PARRIS ISLAND, S.C. – Napoleon Bonaparte once said, “An army marches on its stomach.” No matter how strong or technologically advanced the military force, everyone needs to eat.
The same is true for recruits on Parris Island. Training cannot happen if recruits are malnourished or dehydrated.
Marines and civilians tasked with the depot’s food services ensure every recruit receives three meals a day to keep their bodies healthy and strong for the demanding training.
The depot serves approximately 5 million meals each year to sustain the average 6,000 recruits in training at any given time, said Master Sgt. Kinneth Bouknight, 40, the senior food service staff noncommissioned officer.
Recruits receive food that is served in three forms, which are a hot meal from a mess hall, a boxed meal or a field ration based on a company’s training schedule, said Bouknight, a native of Grand Rapids, Mich.
The hot meals form the basis of most meals served on Parris Island. Three of the four recruit mess halls operate on the same master menu, which runs on a 21-day cycle.
The portion size of each item is controlled to ensure every recruit receives a daily amount of calories, carbohydrates, fats, proteins, vitamins and water needed to keep their bodies fueled throughout training.
The meals consist of five major parts, which are meats, vegetables, starches, soups and desserts. However, the meal servings can be adjusted if a recruit is a vegetarian.
“If a recruit goes through the mess hall and says they’re a vegetarian, then they may get increased servings of vegetables and starches,” said Capt. David Hunley, 35, the food service director. “They are not forced to eat meat.”
Recruits also have access to vegetarian boxed meals and field rations.
Male recruits consume approximately 3,950 calories, and females consume approximately 2,700 calories each day, said Bouknight.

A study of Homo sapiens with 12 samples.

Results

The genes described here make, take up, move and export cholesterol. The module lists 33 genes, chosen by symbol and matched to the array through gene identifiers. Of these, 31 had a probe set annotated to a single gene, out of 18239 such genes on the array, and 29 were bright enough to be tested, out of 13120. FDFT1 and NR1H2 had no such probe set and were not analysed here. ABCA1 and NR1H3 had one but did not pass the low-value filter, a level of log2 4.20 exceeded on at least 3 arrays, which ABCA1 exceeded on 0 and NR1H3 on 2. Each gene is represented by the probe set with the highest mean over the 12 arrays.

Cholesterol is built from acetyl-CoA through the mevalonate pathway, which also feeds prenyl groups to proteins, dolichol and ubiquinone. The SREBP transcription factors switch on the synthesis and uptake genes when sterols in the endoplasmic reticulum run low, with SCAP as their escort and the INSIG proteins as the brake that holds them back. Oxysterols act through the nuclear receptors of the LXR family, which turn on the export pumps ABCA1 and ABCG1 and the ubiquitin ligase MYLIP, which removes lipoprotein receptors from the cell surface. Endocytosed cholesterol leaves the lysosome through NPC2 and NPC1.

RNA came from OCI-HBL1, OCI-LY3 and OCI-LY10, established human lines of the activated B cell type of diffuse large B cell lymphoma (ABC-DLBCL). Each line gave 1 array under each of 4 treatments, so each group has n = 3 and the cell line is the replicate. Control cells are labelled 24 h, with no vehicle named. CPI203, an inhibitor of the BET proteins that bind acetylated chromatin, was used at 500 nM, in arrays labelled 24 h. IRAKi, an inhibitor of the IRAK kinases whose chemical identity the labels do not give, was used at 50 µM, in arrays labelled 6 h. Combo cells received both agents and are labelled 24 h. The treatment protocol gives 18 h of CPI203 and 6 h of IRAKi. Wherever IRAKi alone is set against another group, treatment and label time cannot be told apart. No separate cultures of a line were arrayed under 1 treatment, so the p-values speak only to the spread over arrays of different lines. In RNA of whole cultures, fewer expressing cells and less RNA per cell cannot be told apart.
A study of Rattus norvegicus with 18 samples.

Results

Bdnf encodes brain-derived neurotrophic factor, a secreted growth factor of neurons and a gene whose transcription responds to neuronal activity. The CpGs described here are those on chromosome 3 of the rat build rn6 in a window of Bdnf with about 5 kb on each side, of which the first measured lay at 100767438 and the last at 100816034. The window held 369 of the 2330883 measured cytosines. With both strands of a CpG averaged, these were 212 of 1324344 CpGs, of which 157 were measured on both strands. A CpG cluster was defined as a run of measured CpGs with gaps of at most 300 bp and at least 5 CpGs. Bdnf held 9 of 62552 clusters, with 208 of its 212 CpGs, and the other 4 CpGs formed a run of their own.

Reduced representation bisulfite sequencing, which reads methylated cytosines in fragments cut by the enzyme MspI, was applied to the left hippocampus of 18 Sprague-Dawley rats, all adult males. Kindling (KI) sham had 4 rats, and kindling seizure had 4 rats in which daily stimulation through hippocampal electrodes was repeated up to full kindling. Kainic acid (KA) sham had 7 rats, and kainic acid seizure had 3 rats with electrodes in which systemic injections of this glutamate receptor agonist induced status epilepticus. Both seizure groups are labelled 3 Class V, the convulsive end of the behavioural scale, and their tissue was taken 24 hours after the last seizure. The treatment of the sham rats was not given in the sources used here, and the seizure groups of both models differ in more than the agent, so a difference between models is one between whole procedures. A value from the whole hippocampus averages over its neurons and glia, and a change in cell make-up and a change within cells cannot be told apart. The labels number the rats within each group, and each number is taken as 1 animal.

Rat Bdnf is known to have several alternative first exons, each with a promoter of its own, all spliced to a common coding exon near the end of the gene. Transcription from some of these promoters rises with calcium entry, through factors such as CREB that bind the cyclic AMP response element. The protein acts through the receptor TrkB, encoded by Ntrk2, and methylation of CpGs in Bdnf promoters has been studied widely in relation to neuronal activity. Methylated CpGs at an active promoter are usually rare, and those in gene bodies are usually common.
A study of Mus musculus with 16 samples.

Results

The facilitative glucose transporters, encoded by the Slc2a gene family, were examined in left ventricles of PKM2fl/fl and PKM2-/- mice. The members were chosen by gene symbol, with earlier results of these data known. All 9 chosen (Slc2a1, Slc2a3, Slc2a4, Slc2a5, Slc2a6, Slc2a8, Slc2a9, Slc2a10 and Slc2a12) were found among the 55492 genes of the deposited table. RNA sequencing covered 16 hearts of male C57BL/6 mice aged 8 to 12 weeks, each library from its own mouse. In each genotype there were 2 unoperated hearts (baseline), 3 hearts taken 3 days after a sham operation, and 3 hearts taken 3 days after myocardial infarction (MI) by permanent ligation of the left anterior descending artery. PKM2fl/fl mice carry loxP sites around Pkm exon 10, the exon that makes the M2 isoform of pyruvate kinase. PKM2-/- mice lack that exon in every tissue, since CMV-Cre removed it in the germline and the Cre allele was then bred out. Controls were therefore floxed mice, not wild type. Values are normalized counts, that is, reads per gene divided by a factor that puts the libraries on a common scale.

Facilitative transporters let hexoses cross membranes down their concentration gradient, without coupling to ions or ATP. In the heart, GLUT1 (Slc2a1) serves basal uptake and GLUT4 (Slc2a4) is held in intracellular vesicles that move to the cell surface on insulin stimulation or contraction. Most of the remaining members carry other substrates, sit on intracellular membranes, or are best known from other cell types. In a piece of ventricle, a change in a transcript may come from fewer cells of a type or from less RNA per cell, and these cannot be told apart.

The females at 4th Recruit Training Battalion are served from a different menu, because women are generally smaller and burn calories differently than men.
They are served more turkey-based products, and desserts consist of only pudding and gelatin, said Michael Smith, the 4th Recruit Training Battalion mess hall productions manager.
No food served in the mess halls is enhanced with added vitamins, minerals or chemicals other than spices for flavoring, said Joey Carles, operations manager for all mess halls on Parris Island.
Even with all this food being consumed, there are times when it isn’t enough for the rigors of recruit training.
In 2011, Parris Island began issuing protein bars to the training companies to give to their recruits after intensive training sessions.
The bars are given to recruits to combat fatigue and give an extra energy boost during physical training events exceeding 60 minutes.
While recruits must meet a certain weight to enter recruit training they must also meet the Marine Corps’ standards by the time they graduate.
Recruits whose weight needs to be managed may receive reduced calories, and recruits who need to gain weight may receive double servings at each meal, said Bouknight.
The food recruits are served has a huge impact on how their bodies strengthen in training.
“Their body is going to put on more muscle, lose fat and become leaner,” said Hunley, a native of Columbia, S.C.
Since 2002, a civilian contractor has managed every Marine Corps mess hall on the East Coast. The 2011, $1 billion, eight-year contract means recruits no longer work in mess halls like in years past.
The Marines and civilians in charge of nutrition on Parris Island devote themselves to ensuring each recruit receives nutritious food needed to sustain training.
“A recruit will never go without a meal,” said Bouknight.
|Date Posted:||06.21.2013 11:27|
|Location:||PARRIS ISLAND, SC, US|
|Hometown:||ATHENS, TN, US|
|Hometown:||COLUMBIA, SC, US|
|Hometown:||GRAND RAPIDS, MI, US|
This work, Parris Island’s strict food menu a recipe for nutritional Marine Corps recruit training, by Cpl David Bessey, identified by DVIDS, is free of known copyright restrictions under U.S. copyright law.